Among those keen to donate plasma: Delhi Health Minister Satyender Jain, who benefited from it

Health Minister Satyender Jain, who was in fact administered plasma therapy to help recover from Covid, tweeted, "Plasma therapy saved my life from Coronavirus and I pledge to donate my plasma as soon as medical protocols will allow.”




Among those who hope to donate once the plasma bank opens at ILBS in two days are Delhi’s Health Minister and an MLA.

Hours after the CM’s announcement, Health Minister Satyender Jain, who was in fact administered plasma therapy to help recover from Covid, tweeted, “Plasma therapy saved my life from Coronavirus and I pledge to donate my plasma as soon as medical protocols will allow.”

AAP MLA Atishi, who too has recovered from Covid, told The Indian Express, “It would not cost me anything; it is just like donating blood and we all have donated blood at some point in our lives. But arranging plasma has appeared to be a challenge… Which is why we are setting up the bank. This should make the process simpler. We are hoping that this will change people’s mindset.”

Among those who have availed of the therapy is Dr Rajiv Sood from RML hospital, who was admitted to Max Saket in May-end. “The hospital was running a (plasma therapy) trial so there was no issue in arranging it. Plasma was infused in me twice, right at the start. I started to get better after that.”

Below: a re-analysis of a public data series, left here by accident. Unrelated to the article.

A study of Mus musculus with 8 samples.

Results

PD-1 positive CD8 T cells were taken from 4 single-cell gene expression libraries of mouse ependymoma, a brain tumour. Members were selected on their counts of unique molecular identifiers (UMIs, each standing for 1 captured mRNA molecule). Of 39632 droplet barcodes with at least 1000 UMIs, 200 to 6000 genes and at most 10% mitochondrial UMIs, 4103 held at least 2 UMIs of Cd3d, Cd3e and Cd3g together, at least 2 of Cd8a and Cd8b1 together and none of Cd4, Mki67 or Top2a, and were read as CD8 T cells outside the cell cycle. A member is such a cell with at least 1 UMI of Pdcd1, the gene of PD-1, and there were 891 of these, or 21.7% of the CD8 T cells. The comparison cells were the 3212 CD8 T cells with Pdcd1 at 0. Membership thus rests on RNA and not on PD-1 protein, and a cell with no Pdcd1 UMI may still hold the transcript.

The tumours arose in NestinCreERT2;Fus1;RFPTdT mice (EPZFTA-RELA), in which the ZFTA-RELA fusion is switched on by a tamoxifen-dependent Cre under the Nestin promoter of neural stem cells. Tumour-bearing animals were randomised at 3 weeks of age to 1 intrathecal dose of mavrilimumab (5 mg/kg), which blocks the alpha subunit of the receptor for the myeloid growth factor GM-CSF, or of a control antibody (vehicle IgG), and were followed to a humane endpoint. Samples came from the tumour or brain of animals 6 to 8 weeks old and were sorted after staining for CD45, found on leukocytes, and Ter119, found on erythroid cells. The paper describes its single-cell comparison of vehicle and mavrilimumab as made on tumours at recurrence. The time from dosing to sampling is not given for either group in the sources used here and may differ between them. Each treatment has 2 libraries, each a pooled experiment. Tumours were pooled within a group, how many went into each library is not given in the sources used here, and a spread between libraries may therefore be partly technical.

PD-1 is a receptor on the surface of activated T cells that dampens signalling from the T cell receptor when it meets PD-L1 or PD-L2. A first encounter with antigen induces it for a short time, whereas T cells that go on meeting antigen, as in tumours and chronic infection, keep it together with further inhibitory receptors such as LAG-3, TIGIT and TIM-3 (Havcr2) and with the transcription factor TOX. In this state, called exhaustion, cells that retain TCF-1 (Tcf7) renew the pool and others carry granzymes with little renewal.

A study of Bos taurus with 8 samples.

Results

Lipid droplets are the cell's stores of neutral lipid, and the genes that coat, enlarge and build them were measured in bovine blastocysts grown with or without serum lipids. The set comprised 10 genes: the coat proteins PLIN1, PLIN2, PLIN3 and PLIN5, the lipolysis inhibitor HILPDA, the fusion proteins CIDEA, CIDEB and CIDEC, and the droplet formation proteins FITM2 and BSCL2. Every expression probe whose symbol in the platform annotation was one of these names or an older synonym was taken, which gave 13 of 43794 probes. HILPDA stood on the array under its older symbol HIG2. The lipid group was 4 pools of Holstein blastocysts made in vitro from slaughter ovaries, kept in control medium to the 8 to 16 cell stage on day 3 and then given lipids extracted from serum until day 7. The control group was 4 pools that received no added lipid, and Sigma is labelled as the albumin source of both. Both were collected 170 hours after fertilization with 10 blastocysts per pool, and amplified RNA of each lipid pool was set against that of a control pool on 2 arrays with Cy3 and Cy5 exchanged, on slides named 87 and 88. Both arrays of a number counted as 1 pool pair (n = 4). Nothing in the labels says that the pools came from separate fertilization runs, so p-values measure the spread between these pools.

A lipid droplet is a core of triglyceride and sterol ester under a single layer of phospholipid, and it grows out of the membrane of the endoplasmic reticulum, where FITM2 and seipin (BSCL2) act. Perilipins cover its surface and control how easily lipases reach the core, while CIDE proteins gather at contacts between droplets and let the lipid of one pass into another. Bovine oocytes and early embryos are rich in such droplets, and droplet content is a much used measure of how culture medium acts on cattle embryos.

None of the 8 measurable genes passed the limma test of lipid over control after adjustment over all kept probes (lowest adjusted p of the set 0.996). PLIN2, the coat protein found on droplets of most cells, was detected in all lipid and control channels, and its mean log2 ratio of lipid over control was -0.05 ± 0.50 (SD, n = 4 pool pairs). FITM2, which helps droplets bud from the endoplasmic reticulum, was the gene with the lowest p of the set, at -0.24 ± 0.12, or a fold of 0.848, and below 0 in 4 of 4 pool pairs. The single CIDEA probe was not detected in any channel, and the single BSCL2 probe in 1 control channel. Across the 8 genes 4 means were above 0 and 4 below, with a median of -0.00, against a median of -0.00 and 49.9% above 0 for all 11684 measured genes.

He was discharged after 13 days. “I think it is very helpful when given right at the start. Later on, the body starts to create its own antibodies so it would not be as helpful,” he said.

As Delhi hospitals started offering the therapy, it sent families on hunt for plasma. Parminder Singh, whose son Paveet (31) was admitted to Max on May 9, recalled: “Doctors had told us to arrange plasma. But it wasn’t easy. I spread the word and posted online many times. Then two people came forward to donate — but by that time, he had started recovering.”

Delhi Government advisor Abhinandita Mathur and AAP media panelist Akshay Marathe also said they hope to donate once they are fit to. “The key is that people should not worry or be scared and come forward,” said Mathur.

“Many people want to donate plasma but don’t know how to. The plasma bank will provide a centralised platform for donors to come forward,” Marathe said.